Posted in Features on October 1, 2003

About 185,000 trucks will be inspected in the recall. Ford anticipates that less than 1 percent of these vehicles will need repair. Steering shafts that are not fully seated will be replaced.

Ford and the National Highway Traffic Safety Administration identified three alleged minor accidents with two alleged minor injuries during a joint investigation of the condition. Ford will begin sending letters to customers next week with instructions on when to take their vehicles to dealerships. Customers will not be charged for the repairs.

CORR Racing Receives Continued Support From The General
In a nod toward the popularity of stadium-style off-road racing, General Motors has announced that it will continue its sponsorship of the Championship Off-Road Racing (CORR) series in 2003. The sponsorship will showcase GM's Hydra-Matic automatic transmissions that are used in many of the trucks in the Pro-2 and Pro-4 Series class.

"CORR offers an excellent opportunity for GM to promote Hydra-Matic transmissions because it is one of the premier American off-road truck race series," said Brian Shipman, GM powertrain Hydra-Matic marketing manager. "This sponsorship showcases GM as a world leader of automatic transmissions and the durability of our Hydra-Matic transmissions to withstand high horsepower engines and the intense stresses of off-road racing."

In addition to the CORR sponsorship, Hydra-Matic is offering a contingency program for qualified Pro-2 Series class winners. Cash awards for First, Second, and Third places will be presented at each race. An anticipated 225,000-plus spectators will attend the 14 CORR race events this year.

General Motors Builds Trucks To Meet Law-Enforcement Needs
The General is working with law-enforcement agencies to offer a stable of trucks that are able to meet the various rigors of police work. The Chevrolet Police Tahoe and a police version of the Hummer H1 are targeted for production in the third quarter of '04.

"We are proud of the relationship we have built with law-enforcement agencies across North America. We have a long-standing history supplying vehicles that meet law-enforcement requirements and are pleased that we can offer yet another solid GM product in the Chevrolet Police Tahoe to provide additional options and supplement our already strong lineup of law-enforcement vehicles," said Brian McVeigh, general manager of GM Fleet and commercial operations.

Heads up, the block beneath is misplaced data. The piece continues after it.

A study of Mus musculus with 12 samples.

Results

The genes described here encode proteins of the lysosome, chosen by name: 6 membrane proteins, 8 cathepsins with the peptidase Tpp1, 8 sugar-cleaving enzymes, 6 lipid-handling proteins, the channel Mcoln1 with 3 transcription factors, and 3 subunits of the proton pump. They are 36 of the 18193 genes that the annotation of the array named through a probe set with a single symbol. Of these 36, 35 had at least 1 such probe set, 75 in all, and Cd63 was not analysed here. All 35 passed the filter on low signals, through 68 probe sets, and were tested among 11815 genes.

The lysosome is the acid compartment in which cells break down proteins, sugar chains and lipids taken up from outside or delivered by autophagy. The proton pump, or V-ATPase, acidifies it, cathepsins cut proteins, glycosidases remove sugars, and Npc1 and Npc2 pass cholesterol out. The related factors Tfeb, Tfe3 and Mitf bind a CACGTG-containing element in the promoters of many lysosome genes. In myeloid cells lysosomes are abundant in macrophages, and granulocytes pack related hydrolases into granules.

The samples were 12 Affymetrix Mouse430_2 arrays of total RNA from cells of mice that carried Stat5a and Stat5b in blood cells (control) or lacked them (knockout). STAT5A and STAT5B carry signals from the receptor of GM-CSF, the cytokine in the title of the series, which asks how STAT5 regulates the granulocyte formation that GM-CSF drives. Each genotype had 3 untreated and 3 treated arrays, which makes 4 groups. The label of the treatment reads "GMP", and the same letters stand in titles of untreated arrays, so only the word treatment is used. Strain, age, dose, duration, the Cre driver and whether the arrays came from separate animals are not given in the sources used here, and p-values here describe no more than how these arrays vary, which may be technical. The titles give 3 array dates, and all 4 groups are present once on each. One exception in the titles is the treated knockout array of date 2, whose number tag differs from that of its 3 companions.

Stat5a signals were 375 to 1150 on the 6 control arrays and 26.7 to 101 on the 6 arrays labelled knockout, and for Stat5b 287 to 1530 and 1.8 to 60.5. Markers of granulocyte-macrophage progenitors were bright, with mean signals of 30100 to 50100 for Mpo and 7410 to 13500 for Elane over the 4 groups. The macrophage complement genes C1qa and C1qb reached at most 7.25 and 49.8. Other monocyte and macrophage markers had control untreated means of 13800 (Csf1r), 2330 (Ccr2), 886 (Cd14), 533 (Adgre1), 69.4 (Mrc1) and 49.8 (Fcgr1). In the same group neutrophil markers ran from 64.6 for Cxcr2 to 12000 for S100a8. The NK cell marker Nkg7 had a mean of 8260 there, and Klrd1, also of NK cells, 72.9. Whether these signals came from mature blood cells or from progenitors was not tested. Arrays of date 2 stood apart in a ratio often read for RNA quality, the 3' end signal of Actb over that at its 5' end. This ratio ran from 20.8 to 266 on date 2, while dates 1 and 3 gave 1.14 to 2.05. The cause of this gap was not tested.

Chevrolet's Special Service Tahoe allows law enforcement an alternative vehicle for the various types of services that do not require high-speed driving, although utility, cargo room, and visibility are a must. It is available in either two- or four-wheel drive.

"Thanks to our close relationship with law-enforcement entities across the country and their continued feedback, we have been able to continuously provide fine-tuning to our products, which make them even more valuable to our customers by providing them the special enhancements they need to do their jobs safely and more easily," said Bruce Wiley, GM law-enforcement program manager.

The Hummer H1 Tactical Unit offers extreme off-road and tactical application for police, search, and rescue operations. Capable of negotiating 30 inches of water, climbing 22 inch ledges, and scaling extreme 60-percent inclines, declines, and 40-percent side slopes, the H1 provides law enforcement the ultimate in maneuverability regardless of terrain. Built to military specifications, the H1 can traverse severe weather conditions and rugged terrain carrying a full payload of 12,100 pounds.

"Since 9/11, the operating methodologies of police and fire municipalities have changed. They are looking at new and innovative ways to utilize police and emergency response vehicles, how to carry more equipment, expand communication capability, and address issues created by tactical and hazardous-material gear," said Wiley. "The Chevrolet Police Tahoe is capable of meeting the rigors of all these needs."

Chevy And GMC Offer 1/2-Ton Crew Cab Pickups In 2004
GM is finally offering 1/2-ton Crew Cabs for Chevy Silverados and GMC Sierras. These new models combine the driver- and passenger-friendly features of light-duty trucks with the roomiest cab on a wheelbase length that gives owners more maneuverability as well as the potential to fit the vehicles in a garage. The '04 Silverado and Sierra Crew Cab's 5-foot 8-inch pickup beds allow the shorter wheelbase.

All have a standard Z85 handling and trailering package, and their performance, trailering, and hauling capabilities seem to be very competitive. The new models come with the potent Vortec 5300 V-8, with 285 hp and 325 lb-ft of torque, backed by the Hydra-Matic 4L60-E four-speed automatic transmission as the standard powertrain. GVWRs are 6,800 pounds for 2WD and 7,000 pounds for 4WD, and the base payloads are rated at 1,934 pounds for 2WD and 1,825 pounds for 4WD. Trailer ratings as heavy as 8,500 pounds for 4WD models and 7,800 pounds for the 2WD models are available. The 1500 Series Crew Cabs are available as Silverado Fleetside LS and LT and Sierra Wideside SLE and SLT models. All come with a choice of two- or four-wheel-drive configurations.

Night Vision For The Masses
Well, At Least The Upper Middle Class Masses

Civilian Hummer H1 owners can now buy a night-vision system very close to the system used on military Humvees.

Raytheon Commercial Infared offers a $5,000 system, dubbed Nightdriver, that some Hummer dealerships offer as a dealer-installed option. General Motors already uses a Raytheon night vision system in the Cadillac DeVille. That unit sells for $2,750, so presumably it's not quite as effective as the one offered for the H1, and certainly not as good as the military-spec unit. You'll have to check French, Russian, or German sources for a gray market military-spec thermal imaging system.